The epidemic of obesity among children in the United States tripled between the early 1980s and 2000. By 2008, 32% of all the children in the USA were overweight. Connections between childhood obesity and vitamin D are growing and it may in part be due to imprinting or programming, something that the vitamin D deficient mother imprints on her child during her pregnancy.
Dr. Sarah Crozier and colleagues at the Medical Research Council Lifecourse Epidemiology Unit in Southampton, England, studied 977 children whose mothers had a 25(OH)D level taken during the 34th week of their pregnancies.
Crozier SR, Harvey NC, Inskip HM, Godfrey KM, Cooper C, Robinson SM; the SWS Study Group. Maternal vitamin D status in pregnancy is associated with adiposity in the offspring: findings from the Southampton Women’s Survey. Am J Clin Nutr. 2012 May 23.
35% of the pregnant women had 25(OH)D levels lower than 20 ng/ml. When the 25(OH)D levels were split in tertiles (<20 ng/ml; >20 ng/ml but < 30 ng/ml; and > 30 ng/ml), the authors found that the offspring at six years of age were significantly more likely to be obese if their mothers were in the lowest tertile during her pregnancy six years earlier. After correcting for numerous confounding factors, the “robust” findings stood unchanged.
It now appears possible that vitamin D deficiency during pregnancy is one of the causes of the childhood obesity epidemic. If so, vitamin deficiency accomplished this through some kind of imprinting, perhaps epigenetically.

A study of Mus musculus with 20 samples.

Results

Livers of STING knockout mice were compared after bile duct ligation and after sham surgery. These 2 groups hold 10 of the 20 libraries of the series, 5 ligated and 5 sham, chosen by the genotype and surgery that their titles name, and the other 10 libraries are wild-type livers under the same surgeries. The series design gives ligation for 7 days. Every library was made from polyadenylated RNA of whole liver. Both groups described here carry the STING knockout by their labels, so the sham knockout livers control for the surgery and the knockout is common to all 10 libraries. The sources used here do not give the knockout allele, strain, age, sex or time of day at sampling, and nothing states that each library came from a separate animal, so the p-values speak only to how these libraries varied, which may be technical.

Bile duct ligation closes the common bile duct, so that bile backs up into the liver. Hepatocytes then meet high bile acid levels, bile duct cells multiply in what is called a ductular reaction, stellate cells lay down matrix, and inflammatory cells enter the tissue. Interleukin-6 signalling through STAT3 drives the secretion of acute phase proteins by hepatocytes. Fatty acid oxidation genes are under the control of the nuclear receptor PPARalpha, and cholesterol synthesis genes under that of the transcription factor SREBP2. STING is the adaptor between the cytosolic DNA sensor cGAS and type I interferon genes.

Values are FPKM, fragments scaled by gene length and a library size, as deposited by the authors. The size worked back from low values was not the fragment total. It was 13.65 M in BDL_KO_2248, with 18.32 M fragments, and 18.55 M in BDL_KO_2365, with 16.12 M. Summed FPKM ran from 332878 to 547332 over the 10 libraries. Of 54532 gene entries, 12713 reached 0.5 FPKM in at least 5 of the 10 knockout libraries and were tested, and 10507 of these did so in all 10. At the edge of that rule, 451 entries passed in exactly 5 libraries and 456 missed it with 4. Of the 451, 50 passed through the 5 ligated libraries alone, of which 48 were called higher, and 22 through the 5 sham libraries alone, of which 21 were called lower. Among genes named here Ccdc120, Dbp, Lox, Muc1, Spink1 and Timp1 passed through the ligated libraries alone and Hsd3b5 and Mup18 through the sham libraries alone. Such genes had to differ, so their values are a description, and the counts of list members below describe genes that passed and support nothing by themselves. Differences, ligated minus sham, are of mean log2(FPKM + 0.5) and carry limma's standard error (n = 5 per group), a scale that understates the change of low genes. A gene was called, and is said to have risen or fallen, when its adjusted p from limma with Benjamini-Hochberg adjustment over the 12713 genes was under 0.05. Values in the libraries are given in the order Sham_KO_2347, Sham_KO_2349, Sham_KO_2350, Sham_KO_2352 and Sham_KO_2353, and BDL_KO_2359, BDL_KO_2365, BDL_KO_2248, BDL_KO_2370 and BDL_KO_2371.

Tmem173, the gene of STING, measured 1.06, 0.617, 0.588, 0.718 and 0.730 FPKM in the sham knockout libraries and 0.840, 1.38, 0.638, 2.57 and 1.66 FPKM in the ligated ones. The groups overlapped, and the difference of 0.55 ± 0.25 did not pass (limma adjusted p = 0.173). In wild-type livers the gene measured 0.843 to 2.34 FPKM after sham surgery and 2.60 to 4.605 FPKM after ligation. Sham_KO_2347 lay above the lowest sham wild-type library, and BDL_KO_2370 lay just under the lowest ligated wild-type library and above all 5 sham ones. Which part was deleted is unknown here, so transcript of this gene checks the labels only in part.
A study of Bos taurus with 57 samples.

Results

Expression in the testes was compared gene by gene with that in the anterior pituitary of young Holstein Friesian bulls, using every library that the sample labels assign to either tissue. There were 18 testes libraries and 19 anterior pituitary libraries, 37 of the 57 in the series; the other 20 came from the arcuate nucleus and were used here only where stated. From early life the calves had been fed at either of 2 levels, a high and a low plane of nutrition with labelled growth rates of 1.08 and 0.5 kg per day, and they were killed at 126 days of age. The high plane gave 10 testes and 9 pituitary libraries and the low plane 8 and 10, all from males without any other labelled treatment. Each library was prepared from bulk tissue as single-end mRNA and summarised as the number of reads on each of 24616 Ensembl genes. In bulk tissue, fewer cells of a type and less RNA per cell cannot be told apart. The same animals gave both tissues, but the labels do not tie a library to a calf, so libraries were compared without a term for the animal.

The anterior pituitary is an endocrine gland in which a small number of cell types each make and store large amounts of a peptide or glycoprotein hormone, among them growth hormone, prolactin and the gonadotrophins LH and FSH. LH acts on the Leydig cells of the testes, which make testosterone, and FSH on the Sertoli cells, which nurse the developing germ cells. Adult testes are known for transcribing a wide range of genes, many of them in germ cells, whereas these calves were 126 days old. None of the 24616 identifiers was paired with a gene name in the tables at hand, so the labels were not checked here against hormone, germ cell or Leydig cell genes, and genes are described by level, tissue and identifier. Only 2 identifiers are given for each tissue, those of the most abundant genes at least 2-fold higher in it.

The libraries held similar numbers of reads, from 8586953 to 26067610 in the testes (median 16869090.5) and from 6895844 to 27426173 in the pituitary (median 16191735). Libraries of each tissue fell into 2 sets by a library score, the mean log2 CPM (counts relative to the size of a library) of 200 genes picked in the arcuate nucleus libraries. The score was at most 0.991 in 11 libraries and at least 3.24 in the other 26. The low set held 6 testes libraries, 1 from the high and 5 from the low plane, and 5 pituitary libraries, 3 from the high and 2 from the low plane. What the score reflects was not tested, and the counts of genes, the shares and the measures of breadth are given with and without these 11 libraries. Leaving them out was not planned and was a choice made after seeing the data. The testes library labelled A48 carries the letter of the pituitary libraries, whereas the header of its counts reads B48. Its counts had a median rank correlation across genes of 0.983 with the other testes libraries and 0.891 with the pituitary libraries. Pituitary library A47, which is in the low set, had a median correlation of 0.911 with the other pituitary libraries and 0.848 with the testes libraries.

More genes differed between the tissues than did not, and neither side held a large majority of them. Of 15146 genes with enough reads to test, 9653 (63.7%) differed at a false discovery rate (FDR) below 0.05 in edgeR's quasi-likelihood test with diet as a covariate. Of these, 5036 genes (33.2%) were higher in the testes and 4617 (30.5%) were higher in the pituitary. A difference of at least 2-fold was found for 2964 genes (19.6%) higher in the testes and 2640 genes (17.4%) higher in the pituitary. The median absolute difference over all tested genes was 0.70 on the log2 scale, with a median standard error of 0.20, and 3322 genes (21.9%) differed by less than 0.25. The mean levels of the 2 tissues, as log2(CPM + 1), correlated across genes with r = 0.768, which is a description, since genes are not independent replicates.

Season of the year was more important in preventing deficiency than were prenatal vitamins, which contain 400 IU of vitamin D in England. Among women who gave blood in the summer, 84% had 25(OH)D levels above 25 ng/ml; among women who gave blood in the winter, only 23% had levels above 25 ng/ml. This level, 25 ng/ml, appeared to be the threshold level, with no further improvement in childhood obesity seen with higher maternal 25(OH)D levels.
What happens to these obese six-year-olds? They, in turn, become vitamin D deficient, which is a risk factor for childhood diabetes, poor physical fitness, low peak bone mass, and other undesirable outcomes.
Moreno LA, Valtueña J, Pérez-López F, González-Gross M. Health effects related to low vitamin D concentrations: beyond bone metabolism. Ann Nutr Metab. 2011;59(1):22-7. doi: 10.1159/000332070. Epub 2011 Nov 25. Review.
If you want to reduce the risk of having overweight kids, make sure you are not vitamin D deficient during your pregnancy. In this study, they found that levels over 25 ng/ml protect against this risk. However, we recommend higher, natural levels for lots of other reasons.
On days you do not get full body sun exposure, we recommend 6,000 IU/day throughout pregnancy, 5,000 for mom and 1,000 for baby, to maintain natural vitamin D levels, around 50 ng/ml, which is about where breast milk is magically transformed into a rich source of vitamin D for the infants.